This Canadian entry is one of several recent books to shine a light on the myriad problems related to food production, distribution and consumption.
To be sure, there are a lot of problems: environmental consequences of land and input use, volatile (and low) income for producers in developing countries, and obesity are a just a few. Many of these problems have received renewed attention in recent years following periods of high food prices.
Increased public awareness of and development of public policies to address these problems is important, and Consumed surveys many of the most prominent ones from the perspectives of producers and activists around the world.
Toronto author Sarah Elton first tackled the subject in her 2010 book Locavore. In Consumed, her first-person stories are interesting, but the use of anecdotes to promote fundamental changes to the production, marketing and consumption of food is unsatisfying at best, and misleading at worst.
These issues are very difficult to analyze, understand and solve, and Consumed presents a lot of incomplete, simplified and often wrong information as justifications for changing the course of consumer behaviour and public policies.
Elton's claim that "genetic modification (of agricultural seeds) has not done much more than enrich the seed companies" is so wildly inaccurate that it's hard to know where to start correcting it.
There are reams of rigorous, peer-reviewed studies that demonstrate significant benefits to producers and consumers of some GM technologies. And these benefits have been shown to extend across the income and farm-size spectrums, with the most significant benefits accruing to the poorest, smallest-scale producers in some cases.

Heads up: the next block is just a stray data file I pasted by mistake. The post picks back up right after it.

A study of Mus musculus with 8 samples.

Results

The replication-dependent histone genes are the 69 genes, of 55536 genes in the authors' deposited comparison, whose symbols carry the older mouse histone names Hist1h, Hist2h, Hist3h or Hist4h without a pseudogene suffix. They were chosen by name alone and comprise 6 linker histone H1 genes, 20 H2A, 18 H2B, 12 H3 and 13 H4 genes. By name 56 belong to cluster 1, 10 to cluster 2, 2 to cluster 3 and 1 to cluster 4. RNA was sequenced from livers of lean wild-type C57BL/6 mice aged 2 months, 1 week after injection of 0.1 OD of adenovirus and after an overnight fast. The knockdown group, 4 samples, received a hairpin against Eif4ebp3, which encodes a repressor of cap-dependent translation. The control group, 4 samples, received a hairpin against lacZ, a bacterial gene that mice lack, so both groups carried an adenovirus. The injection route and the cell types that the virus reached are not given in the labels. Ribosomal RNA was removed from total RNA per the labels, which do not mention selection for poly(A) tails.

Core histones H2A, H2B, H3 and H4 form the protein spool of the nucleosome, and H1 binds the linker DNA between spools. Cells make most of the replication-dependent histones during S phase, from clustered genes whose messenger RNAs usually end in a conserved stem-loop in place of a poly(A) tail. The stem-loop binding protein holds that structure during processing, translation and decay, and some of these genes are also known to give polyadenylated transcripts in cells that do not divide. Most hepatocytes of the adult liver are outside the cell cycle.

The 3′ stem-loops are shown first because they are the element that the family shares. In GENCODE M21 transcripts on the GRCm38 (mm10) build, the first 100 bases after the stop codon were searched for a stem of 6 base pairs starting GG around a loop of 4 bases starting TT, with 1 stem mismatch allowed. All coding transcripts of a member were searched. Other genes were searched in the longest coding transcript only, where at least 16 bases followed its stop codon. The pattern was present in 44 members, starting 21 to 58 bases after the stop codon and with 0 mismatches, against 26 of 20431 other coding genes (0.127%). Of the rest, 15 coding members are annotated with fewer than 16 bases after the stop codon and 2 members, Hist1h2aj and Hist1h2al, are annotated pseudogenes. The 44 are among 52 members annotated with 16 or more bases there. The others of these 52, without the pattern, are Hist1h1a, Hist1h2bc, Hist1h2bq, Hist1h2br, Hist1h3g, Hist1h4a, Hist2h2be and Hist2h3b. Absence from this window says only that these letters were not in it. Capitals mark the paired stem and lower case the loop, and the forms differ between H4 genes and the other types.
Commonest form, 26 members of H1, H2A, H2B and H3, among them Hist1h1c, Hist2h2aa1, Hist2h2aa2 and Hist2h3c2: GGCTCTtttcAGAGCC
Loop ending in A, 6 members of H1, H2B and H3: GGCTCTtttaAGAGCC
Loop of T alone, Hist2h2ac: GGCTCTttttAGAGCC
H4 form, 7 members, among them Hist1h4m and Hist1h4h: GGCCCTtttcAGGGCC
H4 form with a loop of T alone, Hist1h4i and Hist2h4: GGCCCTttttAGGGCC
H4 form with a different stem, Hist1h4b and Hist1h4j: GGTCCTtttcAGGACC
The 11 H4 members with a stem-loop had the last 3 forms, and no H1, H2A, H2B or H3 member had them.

Another important example is Elton's claim that "a consensus has emerged linking 2008's surge in food prices directly to the global financial system." Simply stated, there is no such consensus; the majority of recent rigorous research on this topic finds that increased speculative activity in commodity markets did not have significant effects on rising food prices in 2008.
Everybody loves a scapegoat, and financial traders on Bay Street are easy targets. But the best available evidence suggests that policies to restrict speculation would do little to address the underlying causes of higher food prices. The real solutions are much more complicated.
Elton also states, "It is clear that local ... food systems are an economic boon." Well, it's really not so clear. Higher food prices that would result from local production are not a "boon" for anybody except those getting paid the high prices; they are certainly not a boon for cash-strapped publicly funded schools or low-income households.
It is also worth noting that farm household income in Canada and the U.S. is already higher than non-farm household income (despite Elton's claim that "farmers everywhere are the poorest segment of the population").
The "positive environmental" effects of local food systems are also not so clear because most of the greenhouse gas emissions associated with food occur at the production stage, not the transportation stage. Prudent public policy would target the primary cause of the problem (i.e. putting a price on carbon), not production location.
Also, local systems are vulnerable to weather shocks and incidents of violence that wipe out local production. Regions, and in some cases entire countries, can struggle to source food supplies in periods of local crop failures if they don't have well-developed trading infrastructures (transportation, storage and traders). This is one of the key obstacles faced by food-aid practitioners in developing countries during food emergencies.
The criticism of this book is not a derision of the choice to produce and consume local, organic or slow food. People who prefer, and can afford, these options should be free to pursue them. And there is wide consensus among policy analysts that current agricultural and food polices are in dire need of reform in many areas.
However, Elton's selective use of anecdotes and stories often misrepresents the best available evidence on many issues.
Ryan Cardwell is an associate professor of agricultural economics at the University of Manitoba.